Plans to house migrants in holiday camps met with backlash

UK: Prime Minister Rishi Sunak‘s plans to house Channel migrants in disused holiday camps and empty university halls of residence have provoked a backlash from MPs across the political divide.

The proposals, which it is claimed would save £5.6 million a day compared to paying out on hotel accommodation, are expected to include homing migrants in around half a dozen Pontins holiday parks across England from January, once negotiations over the lengths of leases have been concluded.

Reports also suggest that ministers want to use empty university halls of residence and are looking at the RAF site in Manston in Kent as potential “long-term” solutions to the crisis, rather than allocating rooms in hotels to those entering the country.

According to the Prime Minister, the government has already identified sites that could accommodate up to 10,000 asylum seekers as it grapples with the ongoing crisis.

Any such moves would be considered divisive, considering that homeless people and refugees from Ukraine have already been moved from hotels to separate accommodation to provide lodging for asylum seekers, including in Richmond, North Yorkshire – Sunak’s own constituency.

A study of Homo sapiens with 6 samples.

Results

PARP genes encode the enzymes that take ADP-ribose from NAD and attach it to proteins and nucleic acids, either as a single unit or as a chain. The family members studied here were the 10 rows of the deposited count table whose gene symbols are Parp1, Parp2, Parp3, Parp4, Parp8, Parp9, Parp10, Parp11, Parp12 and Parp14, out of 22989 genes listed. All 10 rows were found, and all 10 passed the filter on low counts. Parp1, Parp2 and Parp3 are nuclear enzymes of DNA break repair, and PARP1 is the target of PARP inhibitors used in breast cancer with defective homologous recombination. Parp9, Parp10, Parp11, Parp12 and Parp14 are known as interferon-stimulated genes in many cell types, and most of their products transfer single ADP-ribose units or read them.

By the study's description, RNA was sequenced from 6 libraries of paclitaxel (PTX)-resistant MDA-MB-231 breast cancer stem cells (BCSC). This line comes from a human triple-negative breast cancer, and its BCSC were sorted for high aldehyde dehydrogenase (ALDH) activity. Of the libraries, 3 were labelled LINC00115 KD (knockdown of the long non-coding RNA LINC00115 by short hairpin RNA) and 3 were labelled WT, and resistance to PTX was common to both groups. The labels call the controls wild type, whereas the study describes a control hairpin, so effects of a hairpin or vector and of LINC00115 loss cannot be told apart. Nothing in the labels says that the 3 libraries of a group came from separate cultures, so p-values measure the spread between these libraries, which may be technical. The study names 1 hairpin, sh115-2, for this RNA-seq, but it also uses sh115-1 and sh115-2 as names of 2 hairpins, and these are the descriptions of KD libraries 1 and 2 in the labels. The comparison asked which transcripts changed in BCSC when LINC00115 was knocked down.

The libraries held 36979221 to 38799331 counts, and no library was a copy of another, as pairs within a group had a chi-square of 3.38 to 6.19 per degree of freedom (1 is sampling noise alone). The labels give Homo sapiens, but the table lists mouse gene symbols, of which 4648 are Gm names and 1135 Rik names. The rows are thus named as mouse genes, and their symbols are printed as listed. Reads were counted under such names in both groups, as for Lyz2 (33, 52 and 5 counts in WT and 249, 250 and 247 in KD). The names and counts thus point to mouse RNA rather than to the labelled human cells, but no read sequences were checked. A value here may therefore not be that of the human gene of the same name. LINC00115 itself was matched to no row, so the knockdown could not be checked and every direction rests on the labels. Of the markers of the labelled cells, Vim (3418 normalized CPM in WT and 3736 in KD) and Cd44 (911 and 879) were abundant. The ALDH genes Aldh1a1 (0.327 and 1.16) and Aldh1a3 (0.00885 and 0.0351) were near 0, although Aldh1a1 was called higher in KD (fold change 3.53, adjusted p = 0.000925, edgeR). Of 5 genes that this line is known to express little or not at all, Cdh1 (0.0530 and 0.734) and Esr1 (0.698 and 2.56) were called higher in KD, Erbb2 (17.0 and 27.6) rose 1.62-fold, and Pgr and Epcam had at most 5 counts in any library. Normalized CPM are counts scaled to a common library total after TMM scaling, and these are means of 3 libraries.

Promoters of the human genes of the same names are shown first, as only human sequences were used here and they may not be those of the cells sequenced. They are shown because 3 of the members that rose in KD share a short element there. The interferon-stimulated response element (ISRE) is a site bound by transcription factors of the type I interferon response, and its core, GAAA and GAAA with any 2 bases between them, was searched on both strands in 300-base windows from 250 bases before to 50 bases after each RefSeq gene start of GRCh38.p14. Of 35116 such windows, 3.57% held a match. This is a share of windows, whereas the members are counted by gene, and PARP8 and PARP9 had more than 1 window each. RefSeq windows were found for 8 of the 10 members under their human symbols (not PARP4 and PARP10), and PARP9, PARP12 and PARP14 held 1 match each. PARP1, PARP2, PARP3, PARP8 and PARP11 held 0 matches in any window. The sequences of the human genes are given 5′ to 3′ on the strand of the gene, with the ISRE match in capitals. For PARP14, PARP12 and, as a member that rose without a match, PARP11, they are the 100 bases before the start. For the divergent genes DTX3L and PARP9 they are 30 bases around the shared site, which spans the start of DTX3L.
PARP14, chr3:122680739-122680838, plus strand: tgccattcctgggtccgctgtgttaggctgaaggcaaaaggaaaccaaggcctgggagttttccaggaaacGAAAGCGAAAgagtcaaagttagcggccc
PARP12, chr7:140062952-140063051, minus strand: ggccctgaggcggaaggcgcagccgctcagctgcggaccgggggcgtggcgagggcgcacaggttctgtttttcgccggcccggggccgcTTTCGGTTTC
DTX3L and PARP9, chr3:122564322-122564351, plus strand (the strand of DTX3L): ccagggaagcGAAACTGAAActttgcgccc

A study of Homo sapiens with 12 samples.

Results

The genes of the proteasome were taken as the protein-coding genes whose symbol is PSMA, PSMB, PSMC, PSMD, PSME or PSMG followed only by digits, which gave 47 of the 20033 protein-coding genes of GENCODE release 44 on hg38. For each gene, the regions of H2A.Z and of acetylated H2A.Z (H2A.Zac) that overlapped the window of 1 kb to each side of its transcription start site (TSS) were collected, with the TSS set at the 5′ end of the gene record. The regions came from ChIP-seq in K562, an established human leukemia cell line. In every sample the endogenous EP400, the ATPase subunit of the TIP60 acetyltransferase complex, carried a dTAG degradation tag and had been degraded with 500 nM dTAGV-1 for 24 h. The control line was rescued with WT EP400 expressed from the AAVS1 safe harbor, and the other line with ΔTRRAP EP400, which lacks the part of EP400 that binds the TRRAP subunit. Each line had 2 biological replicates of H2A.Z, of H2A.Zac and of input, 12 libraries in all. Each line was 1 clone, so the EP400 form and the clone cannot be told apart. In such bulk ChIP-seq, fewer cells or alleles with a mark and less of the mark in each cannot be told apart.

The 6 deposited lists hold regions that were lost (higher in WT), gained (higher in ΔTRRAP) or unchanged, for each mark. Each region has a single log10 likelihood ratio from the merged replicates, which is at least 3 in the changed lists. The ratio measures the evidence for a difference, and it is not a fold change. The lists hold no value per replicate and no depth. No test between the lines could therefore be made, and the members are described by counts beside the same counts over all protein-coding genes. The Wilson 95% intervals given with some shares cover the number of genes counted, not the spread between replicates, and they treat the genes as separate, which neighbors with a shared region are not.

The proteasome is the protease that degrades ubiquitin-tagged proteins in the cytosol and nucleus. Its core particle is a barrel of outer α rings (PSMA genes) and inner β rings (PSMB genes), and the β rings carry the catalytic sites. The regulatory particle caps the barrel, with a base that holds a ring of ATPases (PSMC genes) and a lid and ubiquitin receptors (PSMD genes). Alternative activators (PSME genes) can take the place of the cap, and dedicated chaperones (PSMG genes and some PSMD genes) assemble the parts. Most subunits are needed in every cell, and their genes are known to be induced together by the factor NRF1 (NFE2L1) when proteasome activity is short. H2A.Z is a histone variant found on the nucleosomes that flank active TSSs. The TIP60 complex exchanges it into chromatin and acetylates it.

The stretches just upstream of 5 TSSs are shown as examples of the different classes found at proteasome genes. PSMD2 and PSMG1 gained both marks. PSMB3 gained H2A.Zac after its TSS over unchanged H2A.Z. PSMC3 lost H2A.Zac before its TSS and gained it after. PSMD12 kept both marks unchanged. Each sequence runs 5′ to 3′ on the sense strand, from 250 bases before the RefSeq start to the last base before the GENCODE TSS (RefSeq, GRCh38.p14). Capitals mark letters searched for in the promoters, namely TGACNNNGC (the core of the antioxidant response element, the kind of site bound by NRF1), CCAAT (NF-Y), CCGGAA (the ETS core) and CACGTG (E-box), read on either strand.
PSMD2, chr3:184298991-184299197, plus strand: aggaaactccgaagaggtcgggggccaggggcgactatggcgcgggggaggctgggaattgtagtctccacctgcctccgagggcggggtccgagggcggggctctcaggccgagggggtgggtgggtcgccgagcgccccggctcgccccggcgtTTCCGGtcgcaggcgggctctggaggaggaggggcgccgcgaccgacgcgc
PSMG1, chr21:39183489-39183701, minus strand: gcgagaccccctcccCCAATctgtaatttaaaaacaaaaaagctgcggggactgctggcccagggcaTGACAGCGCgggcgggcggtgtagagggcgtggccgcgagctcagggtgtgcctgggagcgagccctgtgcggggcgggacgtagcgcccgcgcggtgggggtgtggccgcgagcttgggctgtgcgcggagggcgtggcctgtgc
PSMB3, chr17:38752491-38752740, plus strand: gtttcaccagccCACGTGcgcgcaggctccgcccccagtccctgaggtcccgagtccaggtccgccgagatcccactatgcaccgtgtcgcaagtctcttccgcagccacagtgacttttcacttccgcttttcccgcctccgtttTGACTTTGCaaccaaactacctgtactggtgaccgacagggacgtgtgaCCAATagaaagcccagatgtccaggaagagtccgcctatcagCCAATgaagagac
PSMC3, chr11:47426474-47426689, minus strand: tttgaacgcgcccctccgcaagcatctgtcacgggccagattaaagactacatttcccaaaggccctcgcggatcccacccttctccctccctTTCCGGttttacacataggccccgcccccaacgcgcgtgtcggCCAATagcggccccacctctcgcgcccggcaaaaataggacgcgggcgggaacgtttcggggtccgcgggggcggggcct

Last week, the Prime Minister announced a five-point plan to halt Channel crossings and address the backlog of asylum claims approaching 40,000, saying that “enough was enough” following a number of incidents.

The day after the announcement, four people died and more than 40 asylum seekers were saved by authorities after their inflatable dinghy sank in the Channel.

Many Tory MPs have already voiced their opposition to the use of hotels as accommodation for migrants in their constituencies, with one government minister telling The Times that student accommodation and disused holiday camps were not going to “attract the same level of criticism”.

However, criticism is growing among MPs that the proposals to use holiday camps and other forms of accommodation besides hotels would harm the health of the migrants themselves, as well as harm regional economies.

Speaking on the BBC’s Politics Live show, Labour MP Clive Lewis compared the government’s plan to house migrants in holiday parks to holding them in “concentration camps in the Boer War”, in which thousands died.

Meanwhile, former Cabinet minister and MP for Haltemprice and Howden in Yorkshire, David Davis, warned that proposals to buy and convert student accommodation at the University of Hull into lodging for 1,000 asylum seekers would cost up to £6 million and put migrants’ health at risk. The buildings, which are listed, would only be able to accommodate people in single rooms as a result.

Southport MP Damien Moore said that plans to house 1,000 asylum seekers in a Pontins holiday camp in the village of Ainsdale would increase the pressure on local services and have a sizeable impact on an area where 40 per cent of the local economy is built on tourism. Instead, he urged ministers to prioritise low-occupancy government buildings, military sites and repurposed Nightingale-style hospitals as possible lodging solutions.

Sally-Ann Hart, MP for Hastings and Rye, also revealed that the Home Office has been in negotiations to rent out an 820-chalet holiday camp at Camber Sands in her constituency.